Shoro (a tower housing a big Buddhist bell) (鐘楼)

Shoro or shuro, in which bonsho (a big Buddhist bell) is hung, is placed on the premises of a temple and is used for informing people in the neighborhood of the time by ringing the bell. It is also called Kanetsukido (a place where a big Buddhist bell is to be struck) or Shorodo (a temple housing such a bell).

The term of Shoro is also used for indicating a similar facility in Christian-related buildings (such as in churches and chapels).

In Japan

During the Muroyama period in Japan, some shoro were integrated with the san-mon gates (the gateways to their temples), becoming sho-mon gates (gateways housing big Buddhist bells).

However, for the purpose of informing time, similar facilities are also installed outside religious places, for example, on the premises of government offices.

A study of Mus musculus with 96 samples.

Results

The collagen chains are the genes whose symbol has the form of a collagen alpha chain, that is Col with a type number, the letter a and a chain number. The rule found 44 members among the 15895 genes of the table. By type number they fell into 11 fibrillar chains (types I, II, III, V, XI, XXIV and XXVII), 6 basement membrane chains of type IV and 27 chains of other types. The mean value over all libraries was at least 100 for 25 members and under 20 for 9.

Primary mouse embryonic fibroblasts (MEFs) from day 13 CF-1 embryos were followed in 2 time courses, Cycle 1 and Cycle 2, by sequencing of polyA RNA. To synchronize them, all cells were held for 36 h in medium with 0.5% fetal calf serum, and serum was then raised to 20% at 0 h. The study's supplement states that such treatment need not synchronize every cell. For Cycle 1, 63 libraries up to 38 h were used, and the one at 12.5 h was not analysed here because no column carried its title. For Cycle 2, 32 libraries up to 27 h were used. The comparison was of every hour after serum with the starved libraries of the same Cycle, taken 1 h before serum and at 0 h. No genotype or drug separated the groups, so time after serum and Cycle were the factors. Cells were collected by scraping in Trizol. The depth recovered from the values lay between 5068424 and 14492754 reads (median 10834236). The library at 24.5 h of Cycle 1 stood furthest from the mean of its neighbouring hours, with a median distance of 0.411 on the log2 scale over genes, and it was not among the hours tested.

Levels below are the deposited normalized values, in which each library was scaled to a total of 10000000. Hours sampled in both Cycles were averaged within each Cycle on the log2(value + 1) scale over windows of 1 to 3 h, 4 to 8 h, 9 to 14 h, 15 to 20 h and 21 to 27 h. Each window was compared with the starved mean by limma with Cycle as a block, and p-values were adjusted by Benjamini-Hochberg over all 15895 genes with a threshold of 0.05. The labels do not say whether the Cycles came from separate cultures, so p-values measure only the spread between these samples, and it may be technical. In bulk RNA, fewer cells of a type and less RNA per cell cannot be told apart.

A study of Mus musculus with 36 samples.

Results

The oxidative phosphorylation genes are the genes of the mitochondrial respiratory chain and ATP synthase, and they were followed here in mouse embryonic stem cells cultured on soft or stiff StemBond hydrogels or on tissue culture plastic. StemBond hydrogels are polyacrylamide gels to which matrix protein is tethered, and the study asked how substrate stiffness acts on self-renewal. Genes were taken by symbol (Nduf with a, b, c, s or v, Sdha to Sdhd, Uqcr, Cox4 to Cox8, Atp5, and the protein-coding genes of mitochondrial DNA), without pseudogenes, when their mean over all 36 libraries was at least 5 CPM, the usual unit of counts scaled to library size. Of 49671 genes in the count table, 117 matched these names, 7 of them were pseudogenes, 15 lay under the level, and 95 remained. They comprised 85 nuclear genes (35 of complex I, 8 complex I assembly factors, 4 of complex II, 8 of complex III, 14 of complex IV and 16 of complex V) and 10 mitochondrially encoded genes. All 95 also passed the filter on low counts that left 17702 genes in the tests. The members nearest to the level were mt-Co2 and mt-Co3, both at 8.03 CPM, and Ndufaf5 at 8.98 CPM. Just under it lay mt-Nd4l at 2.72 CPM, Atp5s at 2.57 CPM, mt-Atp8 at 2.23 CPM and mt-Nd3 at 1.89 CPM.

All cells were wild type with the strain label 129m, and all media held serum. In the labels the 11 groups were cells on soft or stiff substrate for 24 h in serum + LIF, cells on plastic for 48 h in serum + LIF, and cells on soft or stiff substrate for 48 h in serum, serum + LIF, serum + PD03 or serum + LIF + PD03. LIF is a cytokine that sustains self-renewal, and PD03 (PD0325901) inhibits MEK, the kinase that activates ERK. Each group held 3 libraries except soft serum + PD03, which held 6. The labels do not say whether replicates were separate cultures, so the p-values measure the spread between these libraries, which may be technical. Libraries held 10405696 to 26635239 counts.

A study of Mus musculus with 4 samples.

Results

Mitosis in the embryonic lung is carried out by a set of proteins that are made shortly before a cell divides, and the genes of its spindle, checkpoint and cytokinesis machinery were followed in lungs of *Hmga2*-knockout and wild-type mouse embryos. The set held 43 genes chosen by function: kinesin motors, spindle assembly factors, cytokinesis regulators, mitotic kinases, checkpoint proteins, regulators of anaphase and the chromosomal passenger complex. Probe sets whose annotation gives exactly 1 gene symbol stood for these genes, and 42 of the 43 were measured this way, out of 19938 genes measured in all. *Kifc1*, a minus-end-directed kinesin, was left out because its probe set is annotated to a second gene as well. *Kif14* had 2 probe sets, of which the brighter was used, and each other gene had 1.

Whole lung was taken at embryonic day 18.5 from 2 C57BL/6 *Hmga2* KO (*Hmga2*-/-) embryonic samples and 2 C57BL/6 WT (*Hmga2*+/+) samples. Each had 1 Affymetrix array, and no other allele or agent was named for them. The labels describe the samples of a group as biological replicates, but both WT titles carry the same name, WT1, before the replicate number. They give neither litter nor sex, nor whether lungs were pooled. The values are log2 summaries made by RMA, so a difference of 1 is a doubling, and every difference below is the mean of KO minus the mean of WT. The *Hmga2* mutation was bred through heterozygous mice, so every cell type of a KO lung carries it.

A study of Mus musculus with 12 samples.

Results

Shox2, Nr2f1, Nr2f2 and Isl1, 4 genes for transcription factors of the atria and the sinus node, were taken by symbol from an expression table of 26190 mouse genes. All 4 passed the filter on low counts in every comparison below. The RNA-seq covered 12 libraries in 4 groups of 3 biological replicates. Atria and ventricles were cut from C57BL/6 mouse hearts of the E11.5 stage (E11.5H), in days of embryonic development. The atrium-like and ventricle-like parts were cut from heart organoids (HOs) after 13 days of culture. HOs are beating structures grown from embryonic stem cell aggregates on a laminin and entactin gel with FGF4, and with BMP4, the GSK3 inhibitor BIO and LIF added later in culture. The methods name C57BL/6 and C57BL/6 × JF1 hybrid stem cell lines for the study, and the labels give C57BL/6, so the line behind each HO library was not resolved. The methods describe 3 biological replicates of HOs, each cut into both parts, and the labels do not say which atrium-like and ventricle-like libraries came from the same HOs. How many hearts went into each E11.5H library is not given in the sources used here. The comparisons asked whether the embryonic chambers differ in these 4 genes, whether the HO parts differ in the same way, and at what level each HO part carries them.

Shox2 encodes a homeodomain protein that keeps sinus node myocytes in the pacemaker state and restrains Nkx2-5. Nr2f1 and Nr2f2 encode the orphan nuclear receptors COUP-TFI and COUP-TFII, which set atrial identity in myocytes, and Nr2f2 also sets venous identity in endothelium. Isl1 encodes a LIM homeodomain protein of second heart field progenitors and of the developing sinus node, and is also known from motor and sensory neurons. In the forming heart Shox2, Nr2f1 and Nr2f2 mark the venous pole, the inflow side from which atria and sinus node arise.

On the temple premises of Nanto Rokushu (the six Buddhist sects initially based in the Nara capital), a shoro is located in front of or behind a lecture hall but is slightly deviated from the center line of the hall. It is built facing a sutra repository.

Major shoro

The shoro of Horyu-ji Temple (a national treasure)
The shoro in Toin (the east temple) of Horyu-ji Temple (a national treasure)
The shoro of Todai-ji Temple (a national treasure)
The shoro of Myojo-ji Temple (an important cultural property)
The shoro of Ishiyama-dera Temple (an important cultural property)
The shoro of Choko-ji Temple (an important cultural property)
The shoro of Choon-ji Temple (an important cultural property)
The shoro of Kakurin-ji Temple (an important cultural property)

In China

From Northern Wei period to Tang Dynasty period, a shoro was placed together with a koro (a tower housing a drum) in the premises of a palace.